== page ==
I’m curious, what is the Eastern Orthodox belief on what happens to unbaptized infants that die? Has there ever been an equivalent to the “limbo of infants” teaching in Eastern Orthodoxy? Perhaps this is tied to how Eastern Orthodox view “original” sin, and whether that is the same as how Catholics traditionally view it.
The Eastern Orthodox do not believe in the concept of original sin. There view on the matters related to this is rather different and not coloured by Augustine:-
Officially we do not know. I however cannot understand how God could condemn them when all they did was exist. I also don’t know how they can be saved without Christ. It seems to me God alone knows what happens to them.
The following is a link of an example of a poorly catechized Orthodox couple. According to the Orthodox spokesperson, the couple acted incorrectly:
I don’t know the norms of Orthodoxy but in the Catholic Church anyone near by a dying person who is not baptized can using proper form…it takes seconds…and then take infant to hospital.
The Church had pondered Aquinas’ thought that there exists limbo for infants unbaptized. That never sat with me. John Paul II said that in his opinion of faith that when it comes to infants…we are to place them in Christ’s mercy.
We cannot find theological answers for everything. Even in the catechism, life’s tragedies…let’s look at nature…where landslides happen with no warning and people are killed. God wills only good…but He likewise follows His own creation in terms of the Natural Law.
A priest taught us one time, if a storm comes and passes with no injury, it is neutral, but when it kills people and destroys livelihood, then it is evil and we pray for God’s protection from such things.
We have to be able to accept mystery but trust in God’s mercy.
This is upsetting to read and I trust that God has mercy on us all.
Regarding the OP, as others have stated, no one can know what happens to unbaptized infants when they die, or any one when they die, for that matter.
We believe in a merciful God who saves us through Christ’s sacrifice for us, and trust that he will do what is best for his children.
Orthodox friends – Just curious, how does Orthodoxy view 2 Samuel?
To us Lutherans, this passage shows that there is precedent for unbaptized children of believers to be assured of heaven (I’m not sure if this speaks to children of unbelievers, or if the distinction even matters here). I’ll just link to an old postof mine.
I agree. I guess I’m just curious to know if the Orthodox differences in understanding “original” sin change how the status of deceased unbaptized infants is viewed, in comparison to the Catholic view(s).
No original sin for Orthodoxy…Straight to heaven in spite of original sin, as per the fact that God is infinitely merciful and infinitely loving (God is Love) and a baby, logically speaking, is perfectly innocent, guilty of nothing other than original sin, which is inherited by everyone upon their entrance into this fallen world i.e. God’s justice is not applicable (only Gods Mercy). Keep in mind that the good thief on the cross was never baptised, and no one prior to the age of Christ was baptised:
So Jesus called a child to come and stand in front of them, and said, "I assure you that unless you change and become like children, you will never enter the Kingdom of heaven.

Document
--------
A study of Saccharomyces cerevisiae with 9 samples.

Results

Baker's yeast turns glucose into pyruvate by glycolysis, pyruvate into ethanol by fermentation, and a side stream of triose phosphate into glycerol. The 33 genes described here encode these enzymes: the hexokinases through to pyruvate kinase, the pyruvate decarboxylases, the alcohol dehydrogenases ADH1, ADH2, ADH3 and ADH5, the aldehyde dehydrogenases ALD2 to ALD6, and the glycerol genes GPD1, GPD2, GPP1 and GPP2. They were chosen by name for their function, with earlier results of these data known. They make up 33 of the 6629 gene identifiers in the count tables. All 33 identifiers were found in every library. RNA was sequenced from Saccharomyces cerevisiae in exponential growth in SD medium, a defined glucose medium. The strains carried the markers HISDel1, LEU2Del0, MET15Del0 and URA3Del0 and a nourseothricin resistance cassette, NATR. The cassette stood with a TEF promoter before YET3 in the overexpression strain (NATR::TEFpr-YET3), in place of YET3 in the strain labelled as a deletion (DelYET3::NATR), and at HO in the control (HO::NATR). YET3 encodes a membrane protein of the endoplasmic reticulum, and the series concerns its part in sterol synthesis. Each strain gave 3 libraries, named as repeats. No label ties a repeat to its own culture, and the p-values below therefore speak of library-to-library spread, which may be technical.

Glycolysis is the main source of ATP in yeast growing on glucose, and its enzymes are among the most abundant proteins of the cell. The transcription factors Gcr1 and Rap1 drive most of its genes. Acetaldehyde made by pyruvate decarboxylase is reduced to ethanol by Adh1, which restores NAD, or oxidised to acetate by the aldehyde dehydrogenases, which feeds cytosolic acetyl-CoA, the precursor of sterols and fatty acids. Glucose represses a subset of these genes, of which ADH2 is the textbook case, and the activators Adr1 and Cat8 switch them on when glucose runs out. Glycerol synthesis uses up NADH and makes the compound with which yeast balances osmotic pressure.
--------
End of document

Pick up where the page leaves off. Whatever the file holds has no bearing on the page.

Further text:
When Jesus noticed this, he was angry and said to his disciples, "Let the children come to me, and do not stop them, because the Kingdom of God belongs to such as these. I assure you that whoever does not receive the Kingdom of God like a child will never enter it.
God is not confined to the sacraments that God instituted; perfect example: the good thief on the cross.
So it’s settled. From now on we wait until a child decides they want to get Baptized before Baptism.
runs and hides
LOL…No, that’s not what I meant…
I had my children baptized as soon as possible to bring them into Christ and His grace.
As if to say that Christ would not give His grace to a baby who knows nothing of anything.
They go to heaven.
Dronald…Never intended that.
Baptism is the sign of faith, that purifies, justifies, and sanctifies…"baptism is the imperishable seed of the Word of God that produces its life giving effect…it is regeneration and renewal.
My decision was to bring them into the life of Christ as early as possible.
CCC1261: As regards children who have died without baptism, the Church can only entrust them to the mercy of God, as she does in her funeral rites for them. Indeed, the great mercy of God, who desires that all men should be saved, and Jesus’ tenderness toward children, which caused him to say: “Let the children come to me, do not hinder them,” allow us to hope that there is a way of salvation for children, who have died without Baptism. Al the more urgent is the Church’s call not to prevent little children coming to Christ through the gift of holy Baptism.
That’s not what she meant…
My children are mine to care for and to raise in the knowledge of Christ. But they are Christ, it is up to me to bring my children to Christ and not hinder them. He can take care of them than me. In fact, I cannot take care of them properly without Him. This is not just symbolic but an action that resembles that of Abraham with Isaac. I bring the child to God, he blessed me with them in the first place.
To God what is God’s.
That’s right! For the kingdom of God belongs to such as them. Therefore we ought to be certain that the kingdom of God belongs to children; and we need not worry that they will be damned for not being Baptized.
You’re getting trolling tendencies my friend, (Takes one to know one right? :p)
We have been down this road before…
And other threads I can’t fish right now.